Dr. Maury Hayashida wants us to train smarter, not harder. Hayashida, whose passion and expertise is the science of movement, firmly believes that the way we move is more important than the amount of exercise we do. Along with partner Tom Walters, he has launched the ArthroKinetic Institute (AKI) in Santa Barbara, a state-of-the-art facility designed to “identify, prevent, and correct human musculoskeletal system disorders.” With cutting-edge science and technology, doctors Hayashida and Waters have created a world-class resource usually found only in research settings.
This “MRI of Movement” is the future of diagnostic data, a system of measurable biomechanical technologies that yield data that cannot be ascertained with the human eye. AKI clinicians utilize high-speed cameras, force-plate technology, a pressure sensor-instrumented treadmill, and wireless electromyography (EMG) to evaluate walking, running, jumping, and balance issues. Through visual feedback and recommendations, individuals learn how to move mindfully and to self-correct. The use of these technologies also provides important information for physicians, therapists, trainers, and coaches to better treat and train movement patterns.
“The bottom line is that moving well translates into living well,” said Hayashida, a soft-spoken man whose clients range from a 15-year-old soccer player to an 85-year-old runner. “If you can’t do the things you want to do, there are social, mental, and emotional ramifications … On every level, movement affects your quality of life.” With athletes, the issue takes on an even greater intensity. Among his many credentials, Hayashida is the U.S.A. National Men’s and Women’s Rugby Rehabilitation Coordinator and physical therapist and tours with the men’s team internationally.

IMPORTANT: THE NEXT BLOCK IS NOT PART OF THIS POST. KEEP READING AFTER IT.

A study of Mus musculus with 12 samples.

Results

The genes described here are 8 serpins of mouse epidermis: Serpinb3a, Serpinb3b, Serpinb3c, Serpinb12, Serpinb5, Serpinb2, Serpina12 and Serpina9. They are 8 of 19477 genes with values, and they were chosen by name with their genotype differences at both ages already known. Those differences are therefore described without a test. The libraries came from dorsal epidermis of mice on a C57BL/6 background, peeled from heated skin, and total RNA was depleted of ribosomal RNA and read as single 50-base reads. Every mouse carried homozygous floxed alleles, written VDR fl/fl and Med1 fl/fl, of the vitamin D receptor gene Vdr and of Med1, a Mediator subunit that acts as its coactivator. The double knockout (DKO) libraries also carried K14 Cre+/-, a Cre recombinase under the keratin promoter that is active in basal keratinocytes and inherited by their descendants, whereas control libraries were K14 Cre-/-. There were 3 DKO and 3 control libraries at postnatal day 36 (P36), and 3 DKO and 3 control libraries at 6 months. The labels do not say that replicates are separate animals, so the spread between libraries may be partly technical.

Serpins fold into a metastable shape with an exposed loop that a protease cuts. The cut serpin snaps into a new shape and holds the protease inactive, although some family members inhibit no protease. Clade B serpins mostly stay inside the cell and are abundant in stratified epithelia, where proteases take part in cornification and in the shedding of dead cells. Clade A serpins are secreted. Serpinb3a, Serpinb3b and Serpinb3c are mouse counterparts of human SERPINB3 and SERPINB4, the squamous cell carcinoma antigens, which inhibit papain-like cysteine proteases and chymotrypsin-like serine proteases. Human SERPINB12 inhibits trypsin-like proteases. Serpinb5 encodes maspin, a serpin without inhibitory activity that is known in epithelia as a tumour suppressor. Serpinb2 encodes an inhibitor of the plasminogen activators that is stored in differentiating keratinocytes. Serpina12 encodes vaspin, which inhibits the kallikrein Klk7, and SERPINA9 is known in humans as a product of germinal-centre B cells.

Ever since humans started walking upright, there have been skeletal issues, and experts now estimate that as many as 80 percent of the population will experience a back problem at some point in their lives. Walters and Hayashida want to change the present paradigm of movement, shifting it from a primarily therapeutic slant to a preventative one. They postulate that there are basic exercises that everyone should do every day, like “brushing your teeth” and that ideally, all physical-education teachers should incorporate these principles into their curriculum. Hayashida’s personal passion is the adolescent, between the ages of 9-14, whose “locomotor system is developing and can take one of two roads.” His goal is to impart the importance of protecting and investing in movement early so that by the time we reach our senior years, we can maintain our physical quality of life.
Contrary to popular belief, most injuries happen over a period of time and are caused by harmful repetitive movements that have never been corrected. Admittedly, movement reeducation is not easy, but according to Hayashida, everything can be undone to a certain amount depending on the compliance of the individual. Harmful patterns that have been instilled in the nervous system’s operations can be reprogrammed with intense repetitions and training in the space of four to six weeks. “It’s all about retraining the brain, the control center, which is ultimately what will organize and incorporate that new movement.”
The ArthroKinetic Institute is on 319 Anacapa Street. For more information, call 270-3004 or visit aki-sb.com.